Aggie Radio, Utah State University’s student-run radio station, won the Spirit of College Radio Award last month — the station’s second consecutive year winning the award.
Aggie Radio was one of ten stations to receive the award out of the 600 stations from 43 countries that participated in World College Radio Day.
“Stations are voted for by the team that organizes World College Radio Day, who seek to shine a spotlight on college radio stations that not only go above and beyond to celebrate the annual WCRD event but also embody the passion and mission of college radio,” said a press release from College Radio Day.
Station manager Sierra Benson credits Aggie Radio’s two consecutive awards to the station’s “entrepreneurial spirit.”
“When it comes to College Radio Day in particular, we’ve challenged ourselves to do live events,” Benson said. “With COVID this year, we couldn’t include the community as much as last year in the celebration, but we made it a party and overall success this year too. Getting approval for live events this year has been tough, but we persisted and were able to get that event through where some others may have stopped after the first obstacle came up.”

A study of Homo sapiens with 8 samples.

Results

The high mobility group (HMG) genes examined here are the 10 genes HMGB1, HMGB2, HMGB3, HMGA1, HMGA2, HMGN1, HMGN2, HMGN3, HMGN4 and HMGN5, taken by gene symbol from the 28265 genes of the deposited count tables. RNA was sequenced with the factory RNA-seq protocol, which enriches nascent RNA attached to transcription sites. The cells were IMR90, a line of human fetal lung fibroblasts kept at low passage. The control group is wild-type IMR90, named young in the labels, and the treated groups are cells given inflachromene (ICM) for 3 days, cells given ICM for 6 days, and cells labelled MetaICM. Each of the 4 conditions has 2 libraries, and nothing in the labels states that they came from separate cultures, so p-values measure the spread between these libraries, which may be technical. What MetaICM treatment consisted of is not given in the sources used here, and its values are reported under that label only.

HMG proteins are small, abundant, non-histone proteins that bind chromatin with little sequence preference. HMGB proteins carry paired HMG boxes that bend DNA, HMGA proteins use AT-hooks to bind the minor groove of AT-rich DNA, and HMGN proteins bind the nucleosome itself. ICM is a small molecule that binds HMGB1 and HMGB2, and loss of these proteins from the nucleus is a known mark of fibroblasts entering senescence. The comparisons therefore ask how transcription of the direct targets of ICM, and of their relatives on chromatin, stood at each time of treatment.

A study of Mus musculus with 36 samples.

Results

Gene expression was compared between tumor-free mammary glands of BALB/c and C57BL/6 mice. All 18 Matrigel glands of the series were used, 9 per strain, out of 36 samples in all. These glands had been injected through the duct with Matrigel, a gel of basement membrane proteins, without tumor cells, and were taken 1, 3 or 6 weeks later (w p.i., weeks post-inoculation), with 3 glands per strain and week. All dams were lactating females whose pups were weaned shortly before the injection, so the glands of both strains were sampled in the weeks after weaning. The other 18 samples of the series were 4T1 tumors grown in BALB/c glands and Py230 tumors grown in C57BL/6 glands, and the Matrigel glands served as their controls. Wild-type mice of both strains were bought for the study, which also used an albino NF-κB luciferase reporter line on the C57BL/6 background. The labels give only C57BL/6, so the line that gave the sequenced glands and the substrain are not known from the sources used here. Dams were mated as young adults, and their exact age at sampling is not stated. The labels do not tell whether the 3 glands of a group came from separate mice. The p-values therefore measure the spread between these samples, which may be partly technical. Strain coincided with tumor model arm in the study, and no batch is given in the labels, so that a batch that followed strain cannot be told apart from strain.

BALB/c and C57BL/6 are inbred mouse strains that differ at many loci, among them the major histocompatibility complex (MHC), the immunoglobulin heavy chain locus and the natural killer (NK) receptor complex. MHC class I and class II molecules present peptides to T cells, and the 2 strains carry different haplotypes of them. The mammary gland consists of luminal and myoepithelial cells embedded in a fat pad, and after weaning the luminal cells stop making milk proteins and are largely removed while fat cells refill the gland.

Aggie Radio hosted its World College Radio Day event on Oct. 2, with live podcasts, DJ shows and performances from local musicians. The event ran from 12 – 9 p.m. in the Taggart Student Center lounges.
Planning an award-winning event during a pandemic is not easy, and Aggie Radio event director Sydney Ho found the frequently changing approval process for the event to be frustrating.
“We were proposing events and having them all denied but not finding out quite what we needed to do to make one happen,” Ho said. “I was so happy when we finally found out College Radio Day was going to be possible.”
Ho said that one of the most difficult aspects of planning College Radio Day was how long it took to get the event approved.
“I spent a lot of time planning and telling bands and people that I might have an event for them to perform at, but I could lose it at almost any time,” Ho said. “It makes it difficult to get bands that are from anywhere outside of Logan because it’s asking a lot for them to keep a flexible schedule like that. The bands we had were from the valley and great to work with though.”
Performing at Aggie Radio’s College Radio Day event were local singer-songwriter Kyle Olson and indie band Guava Tree. These performances had a live audience, but were also live streamed over YouTube.
“I think it’s really amazing that a bunch of college radios across the world plan and throw events and other special things to celebrate college radios,” Ho said. “They can be a very underappreciated organization on campuses and it’s just great to see people get excited about music and showcasing talent in our communities.”